Jerusalem, Oct. 2 (Reuters): Thinking of writing a letter to God'
The address, according to those who regularly write to the Almighty, is “God, Jerusalem, Israel”. Alternatively, you could try: “God, the Wailing Wall”, a reference to the Jewish holy site known as the Western Wall.
Either address will ensure your letter ends up in the sorting room of the Israeli post office’s Dead Letters Department where it will be collected, placed in a velvet bag and posted to God through the cracks of the Western Wall.
Hundreds of people every year jot down their prayers, wishes or problems and mail their notes to the Holy City where the creed of the Dead Letter Department’s postmen is to ensure that every piece of mail reaches its destination -- rain or shine.
“We are going through a peak period at the moment,” said harried Dead Letters Department manager, Avi Yaniv.
The usual trickle of letters to God has become a torrent before Yom Kippur, the holiday where Jews atone for their sins. “Dear God...Once a long time ago, I stole ashtrays from hotels and glasses with advertising logos. At the time I didn’t think much about it,” wrote one woman. “Now I would like to ask for your forgiveness.”
Letters to Jesus and a greeting card celebrating the Jewish New Year addressed to “The Angels in Heaven” are also delivered to the Western Wall, one of Judaism’s holiest sites, where Jews traditionally insert notes with prayers and wishes.
“We squeeze the letters in between the gaps,” said Yaniv.
The deliveries to the Western Wall have been going on for years since the Dead Letters postmen decided that since there was no way to return the letters to the unknown senders, they might as well be delivered to the recipient -- God.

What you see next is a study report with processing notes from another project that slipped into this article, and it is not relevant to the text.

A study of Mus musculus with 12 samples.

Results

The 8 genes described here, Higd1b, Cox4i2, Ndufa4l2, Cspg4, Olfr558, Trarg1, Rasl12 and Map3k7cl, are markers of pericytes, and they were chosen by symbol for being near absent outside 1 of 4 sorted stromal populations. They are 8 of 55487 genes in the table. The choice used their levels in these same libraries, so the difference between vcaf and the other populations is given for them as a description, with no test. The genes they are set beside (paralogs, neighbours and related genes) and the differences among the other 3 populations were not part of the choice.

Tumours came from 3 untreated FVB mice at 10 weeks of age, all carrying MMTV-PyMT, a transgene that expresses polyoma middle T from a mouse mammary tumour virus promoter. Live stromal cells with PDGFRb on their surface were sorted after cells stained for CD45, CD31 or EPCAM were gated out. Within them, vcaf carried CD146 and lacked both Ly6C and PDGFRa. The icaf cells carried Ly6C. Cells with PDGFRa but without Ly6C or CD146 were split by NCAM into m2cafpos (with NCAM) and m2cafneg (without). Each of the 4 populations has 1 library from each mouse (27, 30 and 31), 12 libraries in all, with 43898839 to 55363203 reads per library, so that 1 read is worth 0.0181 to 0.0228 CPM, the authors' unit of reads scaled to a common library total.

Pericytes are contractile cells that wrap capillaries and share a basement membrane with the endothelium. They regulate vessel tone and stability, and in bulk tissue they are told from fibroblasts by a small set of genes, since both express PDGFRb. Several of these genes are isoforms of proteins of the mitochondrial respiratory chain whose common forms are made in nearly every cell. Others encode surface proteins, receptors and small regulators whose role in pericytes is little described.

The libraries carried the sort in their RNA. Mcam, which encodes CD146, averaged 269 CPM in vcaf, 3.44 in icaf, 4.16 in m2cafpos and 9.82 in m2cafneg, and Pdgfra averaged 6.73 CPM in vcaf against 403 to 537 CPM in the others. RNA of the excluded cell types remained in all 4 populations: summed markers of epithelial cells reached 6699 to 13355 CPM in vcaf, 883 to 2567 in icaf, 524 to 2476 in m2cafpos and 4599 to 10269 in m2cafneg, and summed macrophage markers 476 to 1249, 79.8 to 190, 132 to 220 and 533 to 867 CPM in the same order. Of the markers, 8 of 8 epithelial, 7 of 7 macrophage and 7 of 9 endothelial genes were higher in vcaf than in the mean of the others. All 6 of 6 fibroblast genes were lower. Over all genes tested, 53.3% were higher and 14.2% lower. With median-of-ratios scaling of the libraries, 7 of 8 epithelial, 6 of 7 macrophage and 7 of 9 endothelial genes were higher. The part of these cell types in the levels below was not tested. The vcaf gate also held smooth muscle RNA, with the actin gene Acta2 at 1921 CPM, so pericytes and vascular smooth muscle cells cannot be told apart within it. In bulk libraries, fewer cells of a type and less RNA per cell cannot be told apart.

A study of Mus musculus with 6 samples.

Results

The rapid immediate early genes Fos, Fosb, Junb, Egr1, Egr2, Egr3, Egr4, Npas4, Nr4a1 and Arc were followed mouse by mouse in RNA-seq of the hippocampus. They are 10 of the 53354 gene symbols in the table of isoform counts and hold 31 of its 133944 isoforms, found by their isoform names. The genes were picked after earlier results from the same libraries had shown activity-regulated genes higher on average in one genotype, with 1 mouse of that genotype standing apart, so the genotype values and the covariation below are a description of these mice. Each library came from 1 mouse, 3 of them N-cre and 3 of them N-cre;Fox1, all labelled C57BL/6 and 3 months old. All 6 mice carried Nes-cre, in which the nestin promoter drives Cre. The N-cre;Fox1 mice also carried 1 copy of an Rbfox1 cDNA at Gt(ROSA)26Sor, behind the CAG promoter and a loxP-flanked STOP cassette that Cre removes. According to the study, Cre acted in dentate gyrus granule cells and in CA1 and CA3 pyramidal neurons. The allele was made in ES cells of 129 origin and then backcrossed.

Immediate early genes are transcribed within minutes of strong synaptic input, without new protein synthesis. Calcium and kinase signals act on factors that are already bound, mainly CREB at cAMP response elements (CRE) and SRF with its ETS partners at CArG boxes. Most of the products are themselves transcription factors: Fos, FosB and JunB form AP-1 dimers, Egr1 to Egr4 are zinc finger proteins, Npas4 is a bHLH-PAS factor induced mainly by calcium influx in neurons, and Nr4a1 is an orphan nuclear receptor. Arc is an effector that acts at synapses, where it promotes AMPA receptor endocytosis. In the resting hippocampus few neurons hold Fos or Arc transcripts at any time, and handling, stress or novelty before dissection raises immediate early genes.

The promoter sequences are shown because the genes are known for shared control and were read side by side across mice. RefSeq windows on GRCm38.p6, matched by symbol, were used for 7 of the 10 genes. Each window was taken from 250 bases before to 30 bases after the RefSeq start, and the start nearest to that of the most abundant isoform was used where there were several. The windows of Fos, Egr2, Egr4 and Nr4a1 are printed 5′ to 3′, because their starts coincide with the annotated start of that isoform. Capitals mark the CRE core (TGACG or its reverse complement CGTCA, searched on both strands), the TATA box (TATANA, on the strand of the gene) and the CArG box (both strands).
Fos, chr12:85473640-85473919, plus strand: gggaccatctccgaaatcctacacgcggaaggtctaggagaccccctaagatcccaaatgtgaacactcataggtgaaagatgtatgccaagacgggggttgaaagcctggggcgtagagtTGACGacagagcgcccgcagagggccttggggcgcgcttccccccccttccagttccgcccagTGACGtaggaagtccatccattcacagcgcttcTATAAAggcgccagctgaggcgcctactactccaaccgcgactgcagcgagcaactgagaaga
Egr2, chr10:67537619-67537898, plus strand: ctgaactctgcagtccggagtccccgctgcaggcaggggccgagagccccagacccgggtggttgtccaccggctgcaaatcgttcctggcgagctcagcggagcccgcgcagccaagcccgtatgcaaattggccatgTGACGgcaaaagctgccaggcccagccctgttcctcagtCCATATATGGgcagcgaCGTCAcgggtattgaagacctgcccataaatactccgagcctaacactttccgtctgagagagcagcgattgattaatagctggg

The latest letters collected in a plush bag, normally used to store Jewish prayer shawls, come from as far as Australia, India, Ghana, France, Nigeria and the US.
Some of the writers ask God for help sticking to a diet, beg for assistance holding a troubled marriage together, or fighting off the ravages of cancer.
Others are just plain avaricious. “Dear God, please grant me the millionaire’s life,” wrote one person.
Darryl from Tennessee had a slightly more humble request. “I will be happy if you employ me as one of your (bull)dozer operators in your company,” he wrote.
The Dead Letters Department workers were once so moved by a letter in which the author listed a litany of personal problems that they collected 4,300 shekels ($1,000) of the 5,000 shekels ($1,200) he requested from God in his letter and sent it to him.
“Two months later they received another letter from the same man written to God,” said Yitzhak Rabihiya, spokesman for the Israeli postal department.
“They thought he was probably sending his thanks. But at the end of the letter he wrote: 'Thank you for the money but, please, next time don’t send it through the postal service. Those thieves stole 700 shekels!”